Carrie Derick - Canadian Botanist and Geneticist

Carrie Derick Biography - Canadian Botanist and GeneticistCarrie Matilda Derick (January 14, 1862 – November 10, 1941) was a Canadian botanist and geneticist, the first female professor in a Canadian university, and the founder of McGill University's Genetics Department. Born in Clarenceville, Quebec, Carrie was educated at the Clarenceville Academy and received her teacher training at the McGill Normal School before becoming a school teacher in Clarenceville and Montreal. In 1890, she received a B.A. from McGill University, graduating at the top of her class in natural science with first-class honours. (Included in that class were two other notable Canadian women: Elizabeth Binmore and Maude Abbott.) She began teaching at the Trafalgar Institute for Girls in 1890 while also working part-time as McGill's first female botany "demonstrator."

Carrie Derick Biography - Canadian Botanist and GeneticistIn 1891, Derick began her master's program at McGill under David Penhallow and received her M.A. in botany in 1896. She attended the University of Bonn in 1901 and completed the research required for a Ph.D. but was not awarded an official doctorate since the University did not give women Ph.D. degrees. She then returned to McGill and "continued to work, teach, and administer" in the botany department. In 1905, "after seven years of lecturing, assisting Penhallow with his classes, researching and publishing, without any pay increments or offers of promotion, Derick wrote directly to Principal Peterson and was promoted to assistant professor" at one-third the salary of her male counterparts. Derick was only officially appointed as professor of comparative morphology and genetics by McGill in 1912 after three years of running the department following Penhallow's death. She was the first woman both at McGill and in Canada to achieve university professorship. She retired in 1929.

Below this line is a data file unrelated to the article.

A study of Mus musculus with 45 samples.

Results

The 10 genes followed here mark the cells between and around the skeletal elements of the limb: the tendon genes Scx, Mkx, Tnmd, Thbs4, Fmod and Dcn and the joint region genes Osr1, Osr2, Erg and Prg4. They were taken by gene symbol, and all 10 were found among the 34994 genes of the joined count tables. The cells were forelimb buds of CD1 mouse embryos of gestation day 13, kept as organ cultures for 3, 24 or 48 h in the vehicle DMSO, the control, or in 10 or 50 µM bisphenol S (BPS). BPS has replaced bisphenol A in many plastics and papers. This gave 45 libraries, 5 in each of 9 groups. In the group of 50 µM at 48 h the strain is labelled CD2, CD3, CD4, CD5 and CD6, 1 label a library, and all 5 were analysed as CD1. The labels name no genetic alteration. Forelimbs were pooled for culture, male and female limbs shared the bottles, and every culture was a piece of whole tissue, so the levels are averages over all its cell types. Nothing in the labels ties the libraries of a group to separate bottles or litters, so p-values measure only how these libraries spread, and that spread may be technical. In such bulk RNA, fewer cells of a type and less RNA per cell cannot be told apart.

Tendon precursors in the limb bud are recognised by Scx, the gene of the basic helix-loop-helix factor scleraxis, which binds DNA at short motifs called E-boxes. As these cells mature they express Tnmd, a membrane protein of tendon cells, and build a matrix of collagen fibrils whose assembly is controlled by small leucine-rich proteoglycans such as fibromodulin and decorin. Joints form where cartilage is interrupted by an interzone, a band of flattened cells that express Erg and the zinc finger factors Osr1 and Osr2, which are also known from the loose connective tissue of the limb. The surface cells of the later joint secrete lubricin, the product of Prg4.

Carrie Derick Biography - Canadian Botanist and GeneticistDerick also studied at Harvard University for three summers, the Royal College of Science, London in 1898, and the Marine Biological Laboratory in Woods Hole, Massachusetts for seven summers, and was a leader in early feminism: fighting for women's right to education, the vote, and work. Derick was a member of the Mu Iota Society, a group whose name was later changed to The Alumnae Society. She was a fellow of the American Association for the Advancement of Science, vice president of the Natural History Society of Montreal, and a member of the Botanical Society of America, the American Genetics Association, the Montreal Philosophical Club, the Canadian Public Health Association, the Executive Committee of the National Council of Education, and the first woman on the Protestant Committee of Public Instruction, Quebec, from 1920 to 1937. Derick was also president of the Montreal Suffrage Association from 1913 to 1919 and, in 1914, supported Annie Langstaff, the first woman to graduate in law at McGill, in her unsuccessful bid to be admitted to the bar in Quebec. Along with Maude Abbott, McGill’s pioneer cardiologist and curator of the Medical Museum, Derick founded and was a lifelong member of the National Council of Women. Derick died on November 10, 1941 in Montreal, Quebec. A street is named after her in Montreal's Southwest borough.